Cuban Soul: Part II of III
There is something innately entrepreneurial in the human spirit. Nowhere is that more evident than in post-revolutionary Cuba, where small businesses are thriving as government restrictions on commerce continue to loosen. Quite literally turning his home into his castle, Julio Munoz Cocina is becoming the master of his own destiny.
JULIO MUÑOZ COCINA
Commander of His Own Destiny
In socialist Cuba, entrepreneurs were discouraged in favor of workers motivated by the common good. Today, self-employment is back in vogue as Cuban entrepreneurs follow both their passions and personal interests in building a strong, diverse economy.
Julio Muñoz Cocina epitomizes this trend.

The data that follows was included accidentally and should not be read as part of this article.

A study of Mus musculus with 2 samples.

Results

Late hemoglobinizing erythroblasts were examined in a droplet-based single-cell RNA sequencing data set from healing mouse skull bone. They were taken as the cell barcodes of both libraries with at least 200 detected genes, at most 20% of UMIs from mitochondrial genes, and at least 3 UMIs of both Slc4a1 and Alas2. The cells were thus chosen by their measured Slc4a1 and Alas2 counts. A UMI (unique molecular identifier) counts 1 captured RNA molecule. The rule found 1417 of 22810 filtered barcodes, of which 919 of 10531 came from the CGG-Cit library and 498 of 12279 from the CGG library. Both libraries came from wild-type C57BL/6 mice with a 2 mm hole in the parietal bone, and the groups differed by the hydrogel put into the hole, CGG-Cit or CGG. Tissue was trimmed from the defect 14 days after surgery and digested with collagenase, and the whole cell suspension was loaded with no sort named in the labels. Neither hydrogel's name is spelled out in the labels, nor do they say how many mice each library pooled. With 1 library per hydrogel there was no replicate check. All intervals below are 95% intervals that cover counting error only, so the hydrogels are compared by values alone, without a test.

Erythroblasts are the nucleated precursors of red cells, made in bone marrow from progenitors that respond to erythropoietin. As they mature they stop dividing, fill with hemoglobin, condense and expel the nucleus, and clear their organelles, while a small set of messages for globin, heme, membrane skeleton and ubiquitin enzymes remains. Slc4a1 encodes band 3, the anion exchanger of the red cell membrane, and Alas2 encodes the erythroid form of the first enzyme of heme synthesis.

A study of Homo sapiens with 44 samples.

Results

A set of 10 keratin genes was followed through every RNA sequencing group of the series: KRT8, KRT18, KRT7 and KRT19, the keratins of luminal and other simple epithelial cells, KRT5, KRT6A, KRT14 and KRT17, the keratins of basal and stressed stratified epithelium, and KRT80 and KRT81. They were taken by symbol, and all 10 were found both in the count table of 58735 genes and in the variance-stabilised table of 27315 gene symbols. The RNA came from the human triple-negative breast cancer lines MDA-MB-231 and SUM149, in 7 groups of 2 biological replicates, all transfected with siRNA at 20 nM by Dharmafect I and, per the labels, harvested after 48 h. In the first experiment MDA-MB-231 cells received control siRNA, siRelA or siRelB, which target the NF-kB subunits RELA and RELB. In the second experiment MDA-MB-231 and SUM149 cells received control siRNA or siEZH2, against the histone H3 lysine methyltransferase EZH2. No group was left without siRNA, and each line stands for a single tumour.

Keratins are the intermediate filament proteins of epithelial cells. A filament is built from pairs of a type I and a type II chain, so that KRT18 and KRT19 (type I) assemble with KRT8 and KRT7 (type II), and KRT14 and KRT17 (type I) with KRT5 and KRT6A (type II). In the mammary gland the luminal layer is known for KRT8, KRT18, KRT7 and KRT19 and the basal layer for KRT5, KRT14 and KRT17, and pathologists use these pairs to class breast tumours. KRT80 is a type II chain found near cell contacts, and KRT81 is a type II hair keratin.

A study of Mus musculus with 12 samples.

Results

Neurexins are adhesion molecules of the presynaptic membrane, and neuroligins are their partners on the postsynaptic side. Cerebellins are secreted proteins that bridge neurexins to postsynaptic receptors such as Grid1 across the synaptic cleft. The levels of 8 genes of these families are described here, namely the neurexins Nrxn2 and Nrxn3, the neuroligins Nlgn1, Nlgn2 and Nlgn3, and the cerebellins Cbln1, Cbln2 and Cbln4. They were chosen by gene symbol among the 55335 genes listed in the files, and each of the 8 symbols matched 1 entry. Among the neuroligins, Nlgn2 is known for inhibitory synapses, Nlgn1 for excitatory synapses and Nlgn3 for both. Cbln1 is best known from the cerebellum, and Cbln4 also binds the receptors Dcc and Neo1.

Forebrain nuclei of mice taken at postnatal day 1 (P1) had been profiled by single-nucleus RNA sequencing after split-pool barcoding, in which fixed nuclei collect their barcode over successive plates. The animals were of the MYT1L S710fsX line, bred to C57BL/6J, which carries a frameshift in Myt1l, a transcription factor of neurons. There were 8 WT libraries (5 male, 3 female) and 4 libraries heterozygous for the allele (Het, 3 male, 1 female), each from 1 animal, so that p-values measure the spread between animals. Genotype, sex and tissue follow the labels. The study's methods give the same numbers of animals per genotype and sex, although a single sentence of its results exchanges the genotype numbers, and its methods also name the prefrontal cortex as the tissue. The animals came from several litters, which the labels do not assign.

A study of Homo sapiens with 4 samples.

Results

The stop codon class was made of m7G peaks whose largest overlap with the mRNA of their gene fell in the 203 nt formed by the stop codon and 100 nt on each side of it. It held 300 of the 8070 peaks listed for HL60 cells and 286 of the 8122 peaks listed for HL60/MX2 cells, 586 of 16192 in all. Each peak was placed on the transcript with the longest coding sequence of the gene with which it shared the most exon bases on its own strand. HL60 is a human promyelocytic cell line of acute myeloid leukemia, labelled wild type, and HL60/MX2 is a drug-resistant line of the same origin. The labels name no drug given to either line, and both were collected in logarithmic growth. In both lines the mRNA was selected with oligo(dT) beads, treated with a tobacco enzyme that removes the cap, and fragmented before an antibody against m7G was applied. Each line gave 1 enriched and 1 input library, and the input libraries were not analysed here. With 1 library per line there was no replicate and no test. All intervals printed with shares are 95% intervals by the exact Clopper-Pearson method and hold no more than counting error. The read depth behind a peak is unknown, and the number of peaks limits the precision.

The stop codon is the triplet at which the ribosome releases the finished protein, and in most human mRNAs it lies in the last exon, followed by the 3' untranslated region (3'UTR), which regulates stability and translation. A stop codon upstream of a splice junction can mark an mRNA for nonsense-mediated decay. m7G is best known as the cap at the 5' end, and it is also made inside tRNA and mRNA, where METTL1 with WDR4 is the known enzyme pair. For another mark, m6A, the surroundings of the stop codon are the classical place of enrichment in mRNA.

In 1995, when private room rentals for tourists were legalized, the former electronic engineer repaired his 18th-century home on Cuba’s southern coast and opened it as a casa particular (bed-and-breakfast).
When restrictions allowing only two rooms were lifted in 2011, Julio added a third room and a duplex. “Next I’m going to build deluxe suites for Americans,” he adds, unfurling plans for four rooms to be built above the family quarters.
“Owning a casa particular is like going back to university,” he adds in regard to the diversity of ideas and interests he’s encountered through visiting guests.
National Geographic photographer David Harvey, for example, inspired Julio to pursue photography. He explored Cuba with new eyes and a new camera, and now offers workshops for tourists.
“I wanted to photograph campesinos—farmers—but my Moskovitch kept getting stuck in mud,” Julio says. “So I borrowed a friend’s horse and fell in love with horses, too.”
He now owns seven horses.
He disappears into the patio and, moments later, leads a horse into the house by the reins.
“I have a license to offer horseback rides also,” he says.
Proof, indeed, that five decades of Fidelismo hasn’t killed Cuba’s entrepreneurial spirit.